Butt Out, Mom! What Your Kids Learn From Working It Out Alone
Photo: Rene Syler
A few years back, my then pre-teens were at each other's throats about something. I don't even remember what it was, as the arguments then (and sometimes now) were too numerous to count. I sat them both down in the midst of one of these inane battles and said, "Look, you two are going to need to learn to work out your issues on your own because I'm not always going to be here to play referee."
"You mean like when we go to camp?" Casey asked.
"No, like when I'm dead." Of course that was a shocking answer, but it got the point across: They needed to figure it out on their own.
I would love to say the battles ceased that day and they walked off, hand-in-hand, vowing never to come to mom again, but who would believe that? So the other day, when they came clamoring into my room, shouting over each other about whatever the infraction was, I looked up and calmly said, "Work. It. Out."
I don't jump into the middle of the kids' chaos anymore (well, rarely) because I view it less as conflict and more as a learning opportunity. By arguing among themselves, they learn how to fight fair, how to negotiate and how to compromise, critical skills that pay big dividends now and in the future.
The art of negotiation seems lost these days with so many people thinking a "win" is when you've beaten the other side into submission and can walk away with all the toys (money, power, or people can be substituted here). Crushing your opponent and coming up with a solution that works for only one side is not a win. Casey and Cole learn how to listen to each other, take each other's feelings into account, and negotiate a solution that will work for them both.
They learn how to compromise and I love it. When I see this, I know Casey and Cole have figured out how to put someone else's needs or wants ahead of their own, even if they're doing it to get something they want. But that's life isn't it? We learn that to get, we must give. It's really about being considerate and sharing and isn't that something we've been harping on since the first pre-school playdate?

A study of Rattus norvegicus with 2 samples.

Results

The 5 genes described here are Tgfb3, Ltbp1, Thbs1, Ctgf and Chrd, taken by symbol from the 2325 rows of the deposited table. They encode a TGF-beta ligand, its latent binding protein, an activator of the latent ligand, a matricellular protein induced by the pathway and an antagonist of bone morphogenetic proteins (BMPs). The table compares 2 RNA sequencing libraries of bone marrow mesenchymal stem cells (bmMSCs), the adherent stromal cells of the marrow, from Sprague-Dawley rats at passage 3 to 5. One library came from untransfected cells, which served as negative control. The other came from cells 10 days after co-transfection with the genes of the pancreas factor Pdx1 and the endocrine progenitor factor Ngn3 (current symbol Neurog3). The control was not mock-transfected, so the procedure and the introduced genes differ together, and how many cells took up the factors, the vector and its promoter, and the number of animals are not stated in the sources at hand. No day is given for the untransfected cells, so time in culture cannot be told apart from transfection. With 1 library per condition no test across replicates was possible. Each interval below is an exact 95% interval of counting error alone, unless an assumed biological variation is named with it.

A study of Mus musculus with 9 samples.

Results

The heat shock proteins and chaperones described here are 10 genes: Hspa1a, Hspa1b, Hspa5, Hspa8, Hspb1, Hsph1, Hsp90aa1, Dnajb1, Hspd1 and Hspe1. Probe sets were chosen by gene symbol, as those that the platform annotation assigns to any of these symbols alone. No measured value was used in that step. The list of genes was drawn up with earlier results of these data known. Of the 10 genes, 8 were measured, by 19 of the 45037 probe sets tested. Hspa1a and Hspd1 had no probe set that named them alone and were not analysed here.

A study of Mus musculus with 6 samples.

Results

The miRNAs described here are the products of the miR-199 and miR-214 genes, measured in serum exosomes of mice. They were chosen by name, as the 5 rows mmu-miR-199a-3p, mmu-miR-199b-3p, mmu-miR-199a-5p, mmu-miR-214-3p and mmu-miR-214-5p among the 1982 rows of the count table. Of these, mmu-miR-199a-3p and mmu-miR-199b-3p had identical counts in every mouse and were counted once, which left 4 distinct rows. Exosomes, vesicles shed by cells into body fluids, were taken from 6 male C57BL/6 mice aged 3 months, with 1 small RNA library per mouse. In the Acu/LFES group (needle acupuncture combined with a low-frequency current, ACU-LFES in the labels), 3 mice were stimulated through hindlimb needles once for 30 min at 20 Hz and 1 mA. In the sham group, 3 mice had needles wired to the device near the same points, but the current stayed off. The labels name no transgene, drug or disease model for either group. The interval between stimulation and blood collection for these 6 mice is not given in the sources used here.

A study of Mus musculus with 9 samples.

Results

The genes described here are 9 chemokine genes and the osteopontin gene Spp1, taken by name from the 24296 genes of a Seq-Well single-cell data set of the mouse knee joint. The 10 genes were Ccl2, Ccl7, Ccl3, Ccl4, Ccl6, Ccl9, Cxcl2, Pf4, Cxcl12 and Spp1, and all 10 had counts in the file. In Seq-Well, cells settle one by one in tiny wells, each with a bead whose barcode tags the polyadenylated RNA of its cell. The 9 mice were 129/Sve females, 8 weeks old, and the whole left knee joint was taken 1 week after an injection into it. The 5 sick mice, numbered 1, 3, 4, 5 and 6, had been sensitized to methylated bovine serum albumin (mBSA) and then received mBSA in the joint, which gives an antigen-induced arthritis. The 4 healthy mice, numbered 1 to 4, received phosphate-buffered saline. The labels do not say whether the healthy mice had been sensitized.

Working it out on their own gives texture to their relationship -- and one of the many added bonuses is that they learn how to rely on each other. We just got back from a short cruise where Casey and Cole didn't know anyone (other than me) on the ship. You know what? They had a blast. They ran around, ate and explored together, shared goofy jokes, made fun of each other and laughed until they cried. They didn't want to hang out with me at all, preferring each other's company instead. I know there were probably times one wanted to do something the other didn't but somehow they worked it out. It's amazing what can happen when I'm not in the way.
By relying on and respecting one another I see them developing sort of a communication short-hand. They share inside jokes and can convey to one another, "Mom-is-a-dork" with just a look. And I don't even mind. In fact, I secretly love it because, and not to be morbid (I mean other than the above reference) I get a glimpse into what they'll be like when I'm not around. And let's not forget the other bonus; the headache you are spared from not having to hear the yelling and screaming.
Of course you have to teach them how to fight fair and that does not include calling names or hitting. If that does happen, all bets are off, mommy steps in and someone's gonna lose something (freedom, access to computer, bedroom door) very near and dear to them.
How are you with your kids and arguing? Do you let them work it out on their own and if so, have you been pleased with what you see?